I read a blog the other day, written by a young man who asserted the claim that the institution of marriage is dead. I thought to myself as I read the title of his blog, “Well, let’s see what this doomsday clown has to say,” and I began to read.
The blog post was a well-written, well-thought-out essay that outlined five believable reasons that the up-and-coming generation – our children – will witness the death of marriage as a viable institution. It was unsettling, really, that the guy made so much sense.
The writer opined that the rising generation of young people is not capable of the work and the commitment required by marriage. Why? Because they have become self-sufficient beings as far as emotional coexistence is concerned. They have become more interested in what thousands of strangers have to say about their latest tweet or Instagram or Snap Chat than they could ever be about their spouse’s bad day, or even his good day.
I have lamented the same points that the young writer made in his blog, and I’ve often done so in a public arena, for all to read. I do think that people (and not just young people) are becoming rude and indifferent to others, and I believe that is happening because they are so wrapped up in the world they have at their texting fingertips.
Smart phones have whispered sweet nothings into their ears, and they have believed them. They are addicted to them. They tune out the real world and water down their real life experiences by thinking of clever ways to post them, to broadcast them to a world of faceless names who (let’s be honest) don’t care one bit about them. Their lives are passing them by while they stare at a tiny screen, type with two thumbs and watch videos made by other people who are missing their lives, too.
But not so fast. This rising generation is still human, and they still need that sense of belonging to just one “someone else.” Facebook and Twitter are cold comfort when the human touch is what’s needed. Instagram and Snap Chat pale in comparison to eye contact and body language.
Our youngest child, age 23, made it known about six months ago that she would be using social media much less often than she did before. She said that she does not want to miss out on the wonderful ups or even the painful downs of her life by constantly throwing them out into the universe to be consumed by anonymous avatars. I remember the conversation clearly, because I was so happy to hear her say those things. Incidentally, she has stuck to her guns. She still posts a photo or a clever quip on social media every now and then, but today she has actual phone conversations and makes last-minute dinner plans with her friends. She has whole conversations without once glancing down at her phone, checking to see if someone else has something more interesting to say than the person in front of her.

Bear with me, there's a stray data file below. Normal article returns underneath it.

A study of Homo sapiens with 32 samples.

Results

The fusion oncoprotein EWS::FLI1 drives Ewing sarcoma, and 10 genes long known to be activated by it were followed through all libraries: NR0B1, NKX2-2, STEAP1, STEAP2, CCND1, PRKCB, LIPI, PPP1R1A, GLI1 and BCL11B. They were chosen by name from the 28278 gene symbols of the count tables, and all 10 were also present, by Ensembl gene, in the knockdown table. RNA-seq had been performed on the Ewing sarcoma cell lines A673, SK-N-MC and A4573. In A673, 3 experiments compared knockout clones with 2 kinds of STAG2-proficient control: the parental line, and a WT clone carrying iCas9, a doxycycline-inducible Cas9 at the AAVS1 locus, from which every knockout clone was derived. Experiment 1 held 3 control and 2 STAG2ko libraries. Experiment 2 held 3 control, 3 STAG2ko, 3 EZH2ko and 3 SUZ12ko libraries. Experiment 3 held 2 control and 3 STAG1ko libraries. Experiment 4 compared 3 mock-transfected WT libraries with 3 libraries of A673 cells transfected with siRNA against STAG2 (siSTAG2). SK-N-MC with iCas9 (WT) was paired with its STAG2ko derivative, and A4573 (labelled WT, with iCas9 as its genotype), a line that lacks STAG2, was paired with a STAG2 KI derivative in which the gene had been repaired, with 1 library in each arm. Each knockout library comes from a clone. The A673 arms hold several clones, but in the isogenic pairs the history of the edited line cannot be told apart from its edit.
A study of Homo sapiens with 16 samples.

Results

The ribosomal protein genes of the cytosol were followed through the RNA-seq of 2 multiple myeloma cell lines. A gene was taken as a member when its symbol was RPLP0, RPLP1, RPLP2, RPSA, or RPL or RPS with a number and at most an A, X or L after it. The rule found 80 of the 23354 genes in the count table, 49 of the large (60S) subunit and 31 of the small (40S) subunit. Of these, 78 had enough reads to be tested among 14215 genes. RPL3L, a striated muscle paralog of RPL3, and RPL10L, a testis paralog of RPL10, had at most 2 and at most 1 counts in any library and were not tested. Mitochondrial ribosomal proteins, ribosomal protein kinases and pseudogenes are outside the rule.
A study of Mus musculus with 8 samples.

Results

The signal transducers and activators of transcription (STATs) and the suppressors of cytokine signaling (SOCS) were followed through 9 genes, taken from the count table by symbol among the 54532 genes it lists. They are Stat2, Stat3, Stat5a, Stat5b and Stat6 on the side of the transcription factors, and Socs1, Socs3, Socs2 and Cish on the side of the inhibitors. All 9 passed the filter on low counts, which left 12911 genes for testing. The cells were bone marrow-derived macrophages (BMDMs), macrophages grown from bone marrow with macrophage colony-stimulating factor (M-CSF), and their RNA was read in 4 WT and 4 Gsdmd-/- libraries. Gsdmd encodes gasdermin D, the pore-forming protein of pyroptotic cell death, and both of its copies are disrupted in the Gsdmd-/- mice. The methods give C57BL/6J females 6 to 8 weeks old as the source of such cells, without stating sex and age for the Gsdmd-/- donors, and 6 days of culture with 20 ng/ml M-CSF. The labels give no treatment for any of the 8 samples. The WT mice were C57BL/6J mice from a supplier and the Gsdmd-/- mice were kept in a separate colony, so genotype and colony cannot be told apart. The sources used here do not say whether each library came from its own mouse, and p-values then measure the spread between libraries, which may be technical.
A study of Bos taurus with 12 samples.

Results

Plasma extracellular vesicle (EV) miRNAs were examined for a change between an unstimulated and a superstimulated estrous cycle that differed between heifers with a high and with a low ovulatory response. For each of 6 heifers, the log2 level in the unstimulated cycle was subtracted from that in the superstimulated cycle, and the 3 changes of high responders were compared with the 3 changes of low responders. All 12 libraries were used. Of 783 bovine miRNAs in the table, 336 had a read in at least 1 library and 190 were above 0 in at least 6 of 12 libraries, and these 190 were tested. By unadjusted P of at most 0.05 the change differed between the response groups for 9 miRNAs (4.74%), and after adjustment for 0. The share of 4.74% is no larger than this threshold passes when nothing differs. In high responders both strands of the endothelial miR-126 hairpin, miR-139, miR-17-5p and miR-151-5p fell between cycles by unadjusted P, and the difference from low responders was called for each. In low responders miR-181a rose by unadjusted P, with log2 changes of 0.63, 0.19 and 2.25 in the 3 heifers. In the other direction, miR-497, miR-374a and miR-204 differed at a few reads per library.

The need for real human contact and interaction, I believe, will ultimately conquer the siren song of the smart phone. And let’s not forget that this generation, populated by twenty- and thirty-somethings, has had a front row seat to what happens when a marriage is neglected. This generation, more than any other, has lived the heart-wrenching disappointment that is the inevitable result of divorce. This generation probably understands the importance of marriage and family more than any previous one, because so many of them had the comfort of both cruelly taken away.
So yes, it’s irritating to try to communicate with someone who rarely grants his or her full attention because of the glowing fount of information they hold in their young hands. I believe, however, that most young people will eventually put the phone down and look up, look around. Why? Because they need to. And they will enjoy dinners with friends, and they will make and take real phone calls, and they will date real people, because we are wired to need to truly interact with other human beings.
And they will eventually find that one person with whom they want to join hands and walk a new path. They will understand that marriage takes work, and more than 140 characters’ worth of it. They will understand that children need undivided attention, and lots of it. They will understand that a shared sunset, or a hand to hold when the doctor breaks the bad news, is about two people, not a list of friends that they may or may not know. They may understand these things and act on them later in life than we did, but I don’t think that’s a bad thing.
I have faith in the institution of marriage and its endurance. As greedy and selfish as we humans can be, I believe in our need for belonging, for the naked, honest truths that can only be shared with one other. I believe in the bond that that truth forges.
So to the young man who asserted the notion that marriage is dead, I say that I hope you’re wrong, for all our sakes. What a sad state of affairs that would be.
Carole Townsend is a Gwinnett author and freelance writer. She writes about family, from both a humorous and poignant perspective. Her newest book, MAGNOLIAS, SWEET TEA AND EXHAUST (July 2014, Skyhorse Publishing) takes a look at NASCAR from a Southern suburban mom’s perspective. She is currently writing her fourth book. Carole has appeared on local and national news and talk shows, including CNN, ABC, CBS and NBC affiliates. When not writing, she travels throughout the region, speaking to various civic and literary groups, and advocating for the health and well-being of the family, particularly women and children. For more information, visit www.caroletownsend.com.